Washington, D.C.–The National Council of Farmer Cooperatives (NCFC) today expressed its strong opposition to the disproportionate cuts to farm programs contained in the Senate proposal to defer budget sequestration cuts. The Senate bill would cut $31 billion from the farm bill, all of which would come from the commodity title of the bill; it would include elimination of direct payments.
“No producer, no co-op across the country doubts the need for our federal government to get its spending more in line with revenue—agriculture has always stood ready to contribute its fair share to deficit reduction,” said Chuck Conner, president and CEO of NCFC. “Unfortunately, the Senate proposal fails to treat farmers equitably. The only parts of the budget taking cuts under this proposal are defense and agriculture. It should also be noted that this cut would be three times what agriculture would contribute to deficit reduction if the sequestration process is allowed to move forward on its own.”
“The larger issue is that the proposal targets only a tiny sliver of the farm bill budget for cuts–over three quarters of farm bill spending goes towards nutrition programs like SNAP and these programs will not contribute a single penny towards deficit reduction under this proposal,” he continued. “Less than a year ago, the Senate found savings of $4.5 billion from SNAP when they overwhelmingly passed a new five-year farm bill; I think that farmers have the right to ask their Senators why these cuts have gone from acceptable to unacceptable in less than 10 months.”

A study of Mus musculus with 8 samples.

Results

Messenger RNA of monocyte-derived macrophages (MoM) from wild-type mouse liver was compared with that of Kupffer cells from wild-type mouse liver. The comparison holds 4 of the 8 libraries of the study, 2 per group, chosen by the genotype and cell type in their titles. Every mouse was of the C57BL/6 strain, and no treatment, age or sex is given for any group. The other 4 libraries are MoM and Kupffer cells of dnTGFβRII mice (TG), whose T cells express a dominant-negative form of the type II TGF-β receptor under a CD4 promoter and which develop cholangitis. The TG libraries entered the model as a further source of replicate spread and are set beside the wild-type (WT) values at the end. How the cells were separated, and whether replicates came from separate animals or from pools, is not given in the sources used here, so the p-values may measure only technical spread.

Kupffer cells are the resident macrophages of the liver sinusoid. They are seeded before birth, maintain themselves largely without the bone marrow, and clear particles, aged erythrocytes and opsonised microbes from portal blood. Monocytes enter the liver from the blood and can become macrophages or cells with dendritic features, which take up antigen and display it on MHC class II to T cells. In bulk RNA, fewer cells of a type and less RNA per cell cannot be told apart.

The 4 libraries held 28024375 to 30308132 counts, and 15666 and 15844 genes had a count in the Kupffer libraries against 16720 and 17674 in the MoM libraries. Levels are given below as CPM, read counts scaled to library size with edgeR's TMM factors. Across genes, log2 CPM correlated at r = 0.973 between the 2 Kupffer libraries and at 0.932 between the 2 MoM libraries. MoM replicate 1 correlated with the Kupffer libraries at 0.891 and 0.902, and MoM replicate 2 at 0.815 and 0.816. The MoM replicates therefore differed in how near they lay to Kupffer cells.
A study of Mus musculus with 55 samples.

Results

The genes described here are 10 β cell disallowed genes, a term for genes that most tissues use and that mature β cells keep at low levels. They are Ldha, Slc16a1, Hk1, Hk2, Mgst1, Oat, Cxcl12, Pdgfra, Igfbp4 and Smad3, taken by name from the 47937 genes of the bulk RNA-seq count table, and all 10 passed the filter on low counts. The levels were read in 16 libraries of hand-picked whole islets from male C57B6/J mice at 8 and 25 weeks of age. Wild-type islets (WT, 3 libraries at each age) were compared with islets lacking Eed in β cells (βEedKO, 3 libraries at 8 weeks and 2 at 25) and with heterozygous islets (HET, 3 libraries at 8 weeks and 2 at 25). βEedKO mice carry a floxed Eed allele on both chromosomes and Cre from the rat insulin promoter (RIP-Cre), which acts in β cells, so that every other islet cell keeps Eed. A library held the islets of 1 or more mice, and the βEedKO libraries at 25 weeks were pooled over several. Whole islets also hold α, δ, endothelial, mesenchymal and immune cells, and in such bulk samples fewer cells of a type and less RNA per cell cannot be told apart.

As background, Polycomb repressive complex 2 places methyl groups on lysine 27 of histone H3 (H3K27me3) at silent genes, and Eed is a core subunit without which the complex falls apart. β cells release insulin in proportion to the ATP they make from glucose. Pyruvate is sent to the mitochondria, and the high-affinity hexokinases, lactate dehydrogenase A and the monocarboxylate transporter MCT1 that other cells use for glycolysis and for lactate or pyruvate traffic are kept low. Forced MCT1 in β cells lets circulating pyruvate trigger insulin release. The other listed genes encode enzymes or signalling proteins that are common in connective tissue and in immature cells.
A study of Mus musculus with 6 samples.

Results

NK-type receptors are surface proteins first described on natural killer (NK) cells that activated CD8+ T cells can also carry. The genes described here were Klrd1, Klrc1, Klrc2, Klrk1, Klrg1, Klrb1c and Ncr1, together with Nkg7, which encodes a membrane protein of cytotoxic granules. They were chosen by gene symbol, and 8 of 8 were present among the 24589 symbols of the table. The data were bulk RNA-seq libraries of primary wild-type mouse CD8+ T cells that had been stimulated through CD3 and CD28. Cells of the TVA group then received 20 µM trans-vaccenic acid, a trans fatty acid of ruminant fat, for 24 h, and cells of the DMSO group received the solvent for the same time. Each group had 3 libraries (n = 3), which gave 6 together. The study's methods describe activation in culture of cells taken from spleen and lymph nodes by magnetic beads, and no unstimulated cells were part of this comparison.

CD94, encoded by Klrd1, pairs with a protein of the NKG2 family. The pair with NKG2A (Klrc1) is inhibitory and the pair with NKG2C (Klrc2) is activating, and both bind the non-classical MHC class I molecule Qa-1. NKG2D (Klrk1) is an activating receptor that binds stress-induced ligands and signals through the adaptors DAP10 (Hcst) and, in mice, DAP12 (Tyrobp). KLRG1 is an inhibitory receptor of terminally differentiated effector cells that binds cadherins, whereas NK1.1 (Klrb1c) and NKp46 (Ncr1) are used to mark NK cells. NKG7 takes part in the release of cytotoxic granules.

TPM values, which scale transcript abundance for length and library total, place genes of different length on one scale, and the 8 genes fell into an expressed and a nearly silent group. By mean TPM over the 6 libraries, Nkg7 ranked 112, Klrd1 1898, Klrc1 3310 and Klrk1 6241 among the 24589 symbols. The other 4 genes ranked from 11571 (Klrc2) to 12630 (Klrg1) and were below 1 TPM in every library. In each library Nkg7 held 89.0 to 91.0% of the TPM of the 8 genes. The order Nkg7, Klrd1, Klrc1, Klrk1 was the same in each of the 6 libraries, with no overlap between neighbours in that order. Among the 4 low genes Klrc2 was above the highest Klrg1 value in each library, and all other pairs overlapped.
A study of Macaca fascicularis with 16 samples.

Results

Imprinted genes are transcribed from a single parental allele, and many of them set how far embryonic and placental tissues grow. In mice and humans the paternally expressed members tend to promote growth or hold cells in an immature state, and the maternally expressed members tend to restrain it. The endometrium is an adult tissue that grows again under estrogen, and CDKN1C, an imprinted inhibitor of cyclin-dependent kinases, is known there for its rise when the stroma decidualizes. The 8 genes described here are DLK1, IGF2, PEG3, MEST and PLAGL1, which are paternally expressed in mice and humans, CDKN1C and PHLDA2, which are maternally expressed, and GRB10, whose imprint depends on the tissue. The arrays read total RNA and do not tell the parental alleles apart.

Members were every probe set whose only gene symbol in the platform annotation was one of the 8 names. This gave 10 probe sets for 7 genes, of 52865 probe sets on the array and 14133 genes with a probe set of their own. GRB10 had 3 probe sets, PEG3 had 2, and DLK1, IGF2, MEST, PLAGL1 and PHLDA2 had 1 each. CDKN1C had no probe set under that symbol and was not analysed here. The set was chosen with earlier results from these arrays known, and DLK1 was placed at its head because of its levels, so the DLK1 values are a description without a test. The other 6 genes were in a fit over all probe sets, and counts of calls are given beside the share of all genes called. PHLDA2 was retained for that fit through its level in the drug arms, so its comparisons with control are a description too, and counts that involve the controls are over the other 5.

Conner also expressed concern that the end result of the cuts would also have a disproportionate impact on certain commodities and certain regions of the country; in effect, while the proposal is bad for all of row crop agriculture, its burdens will be placed heavily on those in the South, among other places. In addition, he noted that the Senate proposal would severely limit the resources available to write a new five-year farm bill before the current extension of the last bill expires in September.